On March 25 and the ensuing days, Police used excessive force and teargas to disperse protesting university students, at the Equatorial Guinea National University – UNGE (Universidad Nacional de Guinea Ecuatorial) in the capital, Malabo, after peacefully protesting against non-payment of scholarships, and the process for the allocation of scholarships. Scores of students were arrested, 56 of them were detained for approximately 10 days before they were released yesterday, April 6 without charge.
Their arrest and detention violated their right to freedom of expression and assembly, which are enshrined in Equatorial Guinea’s Constitution. Furthermore, their prolonged detention was illegal as it exceeded the 72 hours limit allowed by Equatorial Guinea’s law. Some of the detainees were reportedly beaten at the time of their arrest and later at the police station.
"The authorities in Equatorial Guinea must abide by their laws and Constitution and not only stop arresting people for exercising their fundamental rights but they must protect, defend and promote those rights", said Tutu Alicante, EG Justice director
The university students started their protest on March 25, 2015 and were soon followed by UNGE students in Bata, the main city in Río Muni. In Bata, 26 students were arrested on March 25, and released without charge the next day.
In Malabo, after a meeting at the university in the morning to discuss their demands, approximately 200 students left the building and stood outside peacefully protesting with banners and chanting slogans such as "Scholarships for all", (Becas para Todos) "No cuts in education“ (No recortes en la Educación); “we want our scholarships" (Queremos nuestras becas) "we have had enough" (Estamos hartos). The police were called in and around 30 police officers arrived at the site firing teargas and charging against the student with batons. About 20 students were arrested and taken to Malabo Central Police Station.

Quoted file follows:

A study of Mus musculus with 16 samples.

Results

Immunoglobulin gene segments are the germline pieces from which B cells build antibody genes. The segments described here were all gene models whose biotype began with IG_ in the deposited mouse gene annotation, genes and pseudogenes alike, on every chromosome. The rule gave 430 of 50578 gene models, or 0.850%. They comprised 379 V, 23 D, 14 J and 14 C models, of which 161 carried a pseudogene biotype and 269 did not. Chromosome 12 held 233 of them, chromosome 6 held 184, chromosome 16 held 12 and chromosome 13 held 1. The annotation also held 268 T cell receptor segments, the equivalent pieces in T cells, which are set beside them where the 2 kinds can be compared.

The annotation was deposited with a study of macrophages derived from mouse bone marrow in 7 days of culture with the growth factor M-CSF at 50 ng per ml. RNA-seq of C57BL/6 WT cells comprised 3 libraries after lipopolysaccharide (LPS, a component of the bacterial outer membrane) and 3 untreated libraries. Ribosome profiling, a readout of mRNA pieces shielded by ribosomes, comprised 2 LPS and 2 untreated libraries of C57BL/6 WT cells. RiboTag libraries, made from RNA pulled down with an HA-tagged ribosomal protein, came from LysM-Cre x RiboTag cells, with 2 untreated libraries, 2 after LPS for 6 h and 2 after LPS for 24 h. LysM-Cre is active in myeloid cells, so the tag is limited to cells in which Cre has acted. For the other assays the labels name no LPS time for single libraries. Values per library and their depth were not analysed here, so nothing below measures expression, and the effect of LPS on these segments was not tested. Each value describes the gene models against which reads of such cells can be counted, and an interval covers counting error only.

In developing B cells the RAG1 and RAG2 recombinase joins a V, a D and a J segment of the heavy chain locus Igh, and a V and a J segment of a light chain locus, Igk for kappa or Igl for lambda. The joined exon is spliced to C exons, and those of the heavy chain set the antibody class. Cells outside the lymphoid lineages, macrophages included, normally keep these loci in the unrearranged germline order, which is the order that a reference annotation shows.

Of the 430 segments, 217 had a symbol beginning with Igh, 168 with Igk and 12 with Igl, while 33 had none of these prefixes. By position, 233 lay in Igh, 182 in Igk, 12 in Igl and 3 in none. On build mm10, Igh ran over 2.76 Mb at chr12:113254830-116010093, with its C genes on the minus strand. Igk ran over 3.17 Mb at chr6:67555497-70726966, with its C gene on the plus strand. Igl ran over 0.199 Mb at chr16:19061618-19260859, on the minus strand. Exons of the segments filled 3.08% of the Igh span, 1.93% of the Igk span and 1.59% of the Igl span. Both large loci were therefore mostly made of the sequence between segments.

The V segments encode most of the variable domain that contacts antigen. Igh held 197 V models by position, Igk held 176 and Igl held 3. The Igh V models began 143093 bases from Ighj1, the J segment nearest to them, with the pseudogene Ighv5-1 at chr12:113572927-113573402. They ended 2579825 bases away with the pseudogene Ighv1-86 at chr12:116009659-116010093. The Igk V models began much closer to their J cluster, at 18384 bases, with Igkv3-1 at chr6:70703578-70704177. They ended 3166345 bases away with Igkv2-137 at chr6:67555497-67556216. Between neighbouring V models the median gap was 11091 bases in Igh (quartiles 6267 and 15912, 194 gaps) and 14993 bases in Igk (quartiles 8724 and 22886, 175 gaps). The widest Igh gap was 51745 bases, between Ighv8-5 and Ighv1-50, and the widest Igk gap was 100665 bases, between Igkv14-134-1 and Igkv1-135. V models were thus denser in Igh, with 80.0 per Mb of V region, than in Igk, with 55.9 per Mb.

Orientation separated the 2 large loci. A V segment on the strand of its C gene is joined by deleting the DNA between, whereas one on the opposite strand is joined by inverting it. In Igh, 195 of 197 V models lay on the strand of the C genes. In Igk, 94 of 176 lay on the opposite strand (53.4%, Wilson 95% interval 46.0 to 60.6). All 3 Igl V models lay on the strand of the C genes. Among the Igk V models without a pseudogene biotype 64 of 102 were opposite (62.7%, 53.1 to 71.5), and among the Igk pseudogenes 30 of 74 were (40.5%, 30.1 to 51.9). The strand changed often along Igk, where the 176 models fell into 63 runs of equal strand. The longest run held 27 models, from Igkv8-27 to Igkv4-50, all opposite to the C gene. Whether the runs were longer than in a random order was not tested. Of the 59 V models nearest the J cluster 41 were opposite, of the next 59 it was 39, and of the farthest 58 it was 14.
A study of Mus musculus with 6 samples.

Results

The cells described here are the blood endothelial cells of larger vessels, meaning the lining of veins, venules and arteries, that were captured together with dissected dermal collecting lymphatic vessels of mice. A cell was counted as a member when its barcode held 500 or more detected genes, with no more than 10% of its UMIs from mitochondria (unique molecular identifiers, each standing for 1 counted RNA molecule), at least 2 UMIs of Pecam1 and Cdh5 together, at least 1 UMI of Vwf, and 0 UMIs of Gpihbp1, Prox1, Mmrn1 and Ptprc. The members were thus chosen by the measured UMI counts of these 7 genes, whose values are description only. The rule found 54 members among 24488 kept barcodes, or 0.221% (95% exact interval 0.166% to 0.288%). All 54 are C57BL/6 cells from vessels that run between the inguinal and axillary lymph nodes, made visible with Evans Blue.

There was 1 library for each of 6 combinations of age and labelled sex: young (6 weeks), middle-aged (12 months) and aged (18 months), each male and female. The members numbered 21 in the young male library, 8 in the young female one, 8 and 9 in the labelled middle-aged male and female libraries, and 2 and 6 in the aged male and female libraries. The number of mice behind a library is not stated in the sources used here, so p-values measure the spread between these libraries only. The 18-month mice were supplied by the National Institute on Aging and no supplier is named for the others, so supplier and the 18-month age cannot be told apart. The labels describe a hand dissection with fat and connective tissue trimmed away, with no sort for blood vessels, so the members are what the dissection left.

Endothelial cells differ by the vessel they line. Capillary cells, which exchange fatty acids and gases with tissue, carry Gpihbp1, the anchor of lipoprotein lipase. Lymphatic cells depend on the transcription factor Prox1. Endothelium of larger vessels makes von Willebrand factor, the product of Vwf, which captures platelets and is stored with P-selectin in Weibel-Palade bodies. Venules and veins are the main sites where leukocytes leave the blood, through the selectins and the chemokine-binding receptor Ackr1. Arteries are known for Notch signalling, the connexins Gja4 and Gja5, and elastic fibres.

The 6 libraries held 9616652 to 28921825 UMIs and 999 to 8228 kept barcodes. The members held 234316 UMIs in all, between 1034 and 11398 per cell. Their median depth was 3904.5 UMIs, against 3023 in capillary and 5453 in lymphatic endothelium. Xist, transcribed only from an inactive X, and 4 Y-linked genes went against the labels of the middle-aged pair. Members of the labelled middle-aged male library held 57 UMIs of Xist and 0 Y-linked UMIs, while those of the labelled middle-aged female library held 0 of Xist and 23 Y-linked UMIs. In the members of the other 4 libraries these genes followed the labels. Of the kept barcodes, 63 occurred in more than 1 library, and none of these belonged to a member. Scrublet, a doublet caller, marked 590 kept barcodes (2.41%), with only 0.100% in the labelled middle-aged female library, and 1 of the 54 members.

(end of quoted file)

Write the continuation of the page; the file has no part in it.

The next day, March 26, the police again used teargas against the students as they were peacefully marching towards the Ministry of National Security to protest the arrest of their peers and call for their release. A further 30-45 students were reportedly arrested and taken to the Central Police Station. Almost at the same time, there were arrests in the Campo Yaundé neighborhood, near where the university is located. Information received by EG Justice, indicates that police officers began to arrest young people they found in the street, and that they forced their entry into homes and arrested any young people they found. It is believed that in total, between 60 and 80 people were arrested in Malabo, and that between 10 and 15 were released some days later after paying hefty "fines".
According to information obtained by EG Justice, after a few days in detention the Ministers of Education and National Security went to Malabo Police Station, took the detained students to the court yard and questioned them. Allegedly, the ministers wanted to know what political party was behind the students' protest. Once the ministers departed, police officers beat the detainees with batons.
“Once again, President Obiang demonstrates his complete disregard for the basic freedoms of expression and assembly enshrined in the Constitution and international treaties ratified by his government. These recent arrests and illegal detention of students strongly suggests that the Obiang regime will continue to arbitrarily detain and systematically repress dissenting voices as we get closer to the 2016 presidential elections.” Said Tutu Alicante.